A new irrigation policy that favors Taiwan's chipmakers over its rice farmers has led to increased tension between the two, The New York Times reported Thursday, as the country attempts to respond to a water shortage caused by an ongoing drought.
Liberty Times Net reported that Taiwan's Water Resources Agency shut off irrigation to more than 183,000 acres of farmland to conserve water. Yet companies in the Hsinchu Science Park—most notably TSMC—still receive the precious liquid.
It might seem odd to prioritize chip production over farming, but Water Resources Agency deputy director Wang Yi-Feng told the NYT that the inverse would be a "lose-lose" because the farmers would suffer from low yields even with irrigated water.
Yet a recent study co-authored by the Semiconductor Industry Alliance estimated that 92% of the world's sub-10nm chip production happens in Taiwan. That means problems in the country "may cause severe interruptions in the supply of chips."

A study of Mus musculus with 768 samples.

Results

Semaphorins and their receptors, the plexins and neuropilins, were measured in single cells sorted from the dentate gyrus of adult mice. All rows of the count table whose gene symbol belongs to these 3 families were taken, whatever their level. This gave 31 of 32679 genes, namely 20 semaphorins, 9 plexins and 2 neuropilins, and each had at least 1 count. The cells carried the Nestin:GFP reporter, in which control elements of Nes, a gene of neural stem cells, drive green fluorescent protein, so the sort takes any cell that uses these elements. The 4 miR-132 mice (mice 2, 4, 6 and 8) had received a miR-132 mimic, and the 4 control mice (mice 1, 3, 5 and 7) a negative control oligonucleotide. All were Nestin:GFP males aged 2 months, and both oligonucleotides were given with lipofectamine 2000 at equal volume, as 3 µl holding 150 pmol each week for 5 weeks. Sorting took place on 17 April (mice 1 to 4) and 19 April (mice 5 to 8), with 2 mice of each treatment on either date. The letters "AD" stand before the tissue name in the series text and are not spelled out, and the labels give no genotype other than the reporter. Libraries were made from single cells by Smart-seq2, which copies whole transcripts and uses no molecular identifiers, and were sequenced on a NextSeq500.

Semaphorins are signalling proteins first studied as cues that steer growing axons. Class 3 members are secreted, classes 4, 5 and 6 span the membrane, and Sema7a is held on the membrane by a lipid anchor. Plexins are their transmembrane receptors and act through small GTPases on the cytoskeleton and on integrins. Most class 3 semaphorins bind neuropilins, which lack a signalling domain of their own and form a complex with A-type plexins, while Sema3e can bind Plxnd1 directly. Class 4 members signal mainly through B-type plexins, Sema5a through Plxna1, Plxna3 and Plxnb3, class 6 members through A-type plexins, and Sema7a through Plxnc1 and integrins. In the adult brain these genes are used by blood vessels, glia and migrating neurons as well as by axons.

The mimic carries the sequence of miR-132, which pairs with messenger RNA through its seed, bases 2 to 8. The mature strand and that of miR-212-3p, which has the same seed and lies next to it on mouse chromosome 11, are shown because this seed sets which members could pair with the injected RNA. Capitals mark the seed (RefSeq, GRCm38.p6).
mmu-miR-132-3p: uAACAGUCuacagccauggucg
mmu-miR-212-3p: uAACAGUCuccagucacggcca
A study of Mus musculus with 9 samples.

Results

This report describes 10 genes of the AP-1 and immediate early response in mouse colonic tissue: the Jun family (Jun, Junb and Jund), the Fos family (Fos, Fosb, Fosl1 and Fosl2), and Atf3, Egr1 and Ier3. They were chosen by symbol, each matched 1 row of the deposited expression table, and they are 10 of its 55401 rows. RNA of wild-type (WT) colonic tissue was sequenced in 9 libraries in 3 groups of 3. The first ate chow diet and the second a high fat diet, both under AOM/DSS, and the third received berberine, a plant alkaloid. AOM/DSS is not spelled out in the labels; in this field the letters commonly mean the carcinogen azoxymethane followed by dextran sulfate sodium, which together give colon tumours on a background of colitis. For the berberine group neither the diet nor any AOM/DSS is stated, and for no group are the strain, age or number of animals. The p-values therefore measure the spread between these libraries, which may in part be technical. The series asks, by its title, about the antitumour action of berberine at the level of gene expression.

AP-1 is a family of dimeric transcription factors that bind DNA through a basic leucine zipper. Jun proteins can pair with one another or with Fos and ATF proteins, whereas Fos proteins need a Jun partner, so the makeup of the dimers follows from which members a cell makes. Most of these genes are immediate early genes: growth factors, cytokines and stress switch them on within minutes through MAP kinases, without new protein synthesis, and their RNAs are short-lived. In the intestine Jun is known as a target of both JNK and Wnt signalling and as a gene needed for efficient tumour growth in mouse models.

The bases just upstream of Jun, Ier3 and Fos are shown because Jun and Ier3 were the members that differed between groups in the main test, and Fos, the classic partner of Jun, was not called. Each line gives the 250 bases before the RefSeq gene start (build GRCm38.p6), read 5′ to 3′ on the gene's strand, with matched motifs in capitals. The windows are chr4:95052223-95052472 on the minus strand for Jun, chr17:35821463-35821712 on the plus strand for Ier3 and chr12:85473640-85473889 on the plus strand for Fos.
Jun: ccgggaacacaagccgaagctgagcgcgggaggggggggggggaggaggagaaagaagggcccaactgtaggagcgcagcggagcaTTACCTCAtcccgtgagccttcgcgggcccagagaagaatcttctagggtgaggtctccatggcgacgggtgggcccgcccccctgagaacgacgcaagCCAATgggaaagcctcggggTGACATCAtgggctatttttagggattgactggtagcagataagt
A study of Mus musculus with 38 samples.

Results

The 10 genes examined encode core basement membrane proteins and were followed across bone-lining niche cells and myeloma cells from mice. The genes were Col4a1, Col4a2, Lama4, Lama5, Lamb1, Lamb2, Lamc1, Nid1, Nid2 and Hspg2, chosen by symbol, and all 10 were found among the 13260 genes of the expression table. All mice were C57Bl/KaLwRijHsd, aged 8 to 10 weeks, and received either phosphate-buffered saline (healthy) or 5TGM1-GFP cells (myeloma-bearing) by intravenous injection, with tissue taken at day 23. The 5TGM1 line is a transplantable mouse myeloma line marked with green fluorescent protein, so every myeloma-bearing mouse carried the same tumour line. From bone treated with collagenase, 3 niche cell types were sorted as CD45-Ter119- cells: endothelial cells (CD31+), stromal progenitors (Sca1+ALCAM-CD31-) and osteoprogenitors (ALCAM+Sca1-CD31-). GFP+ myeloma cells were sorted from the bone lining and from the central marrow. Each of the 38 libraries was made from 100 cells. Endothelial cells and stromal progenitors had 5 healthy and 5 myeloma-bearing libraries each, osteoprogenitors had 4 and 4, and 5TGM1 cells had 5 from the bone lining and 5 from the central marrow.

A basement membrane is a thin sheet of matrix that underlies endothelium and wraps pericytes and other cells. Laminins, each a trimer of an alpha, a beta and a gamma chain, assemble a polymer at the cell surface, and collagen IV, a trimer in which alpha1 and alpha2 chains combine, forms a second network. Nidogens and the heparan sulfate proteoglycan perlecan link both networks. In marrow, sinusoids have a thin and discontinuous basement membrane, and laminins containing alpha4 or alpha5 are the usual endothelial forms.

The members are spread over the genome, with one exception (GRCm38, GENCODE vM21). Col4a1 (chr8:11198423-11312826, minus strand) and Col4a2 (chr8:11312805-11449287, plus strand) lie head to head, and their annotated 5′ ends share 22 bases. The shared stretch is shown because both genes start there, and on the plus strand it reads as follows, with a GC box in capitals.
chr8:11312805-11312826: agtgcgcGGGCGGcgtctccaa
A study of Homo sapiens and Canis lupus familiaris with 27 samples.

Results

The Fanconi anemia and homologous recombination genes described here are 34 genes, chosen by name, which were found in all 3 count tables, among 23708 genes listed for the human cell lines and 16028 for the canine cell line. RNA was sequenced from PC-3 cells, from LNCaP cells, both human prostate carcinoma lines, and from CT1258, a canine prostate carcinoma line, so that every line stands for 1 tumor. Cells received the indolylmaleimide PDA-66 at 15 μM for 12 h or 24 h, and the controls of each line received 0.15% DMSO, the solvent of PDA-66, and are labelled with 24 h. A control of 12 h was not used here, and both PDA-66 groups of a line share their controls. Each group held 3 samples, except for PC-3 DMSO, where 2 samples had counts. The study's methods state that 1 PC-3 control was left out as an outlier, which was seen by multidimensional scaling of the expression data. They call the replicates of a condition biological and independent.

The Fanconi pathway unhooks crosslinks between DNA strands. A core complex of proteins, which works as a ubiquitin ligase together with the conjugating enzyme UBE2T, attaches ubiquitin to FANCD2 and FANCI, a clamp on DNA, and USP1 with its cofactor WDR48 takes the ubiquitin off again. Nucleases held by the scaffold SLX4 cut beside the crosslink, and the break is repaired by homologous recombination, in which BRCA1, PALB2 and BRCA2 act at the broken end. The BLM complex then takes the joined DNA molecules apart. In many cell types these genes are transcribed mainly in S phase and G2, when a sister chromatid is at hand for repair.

The "may" was unnecessary. The world's already waiting on Taiwan for chips used in CPUs, GPUs, automobiles, and other devices. The supply of other components, such as display panels, has also been threatened by the country's ongoing drought.
Companies like TSMC have responded to the water shortage with everything from improved recycling processes to trucking in water from elsewhere. These efforts won't completely solve the problem, however, at least in the short term.
Taiwan's Water Resources Agency is essentially in a no-win situation. If it favors rice farmers it runs the risk of further limiting chip production during a global shortage, and there's no guarantee that the farms would receive enough water anyway.
But, as The New York Times report showed, prioritizing the semiconductor industry is already rubbing some residents the wrong way. It's also a temporary solution that appears to be intended to bide time until the drought finally comes to an end.
In the meantime, TSMC can announce plans to spend $100 billion in three years to improve chip supply and continue developing new technologies, but it can't actually make it rain.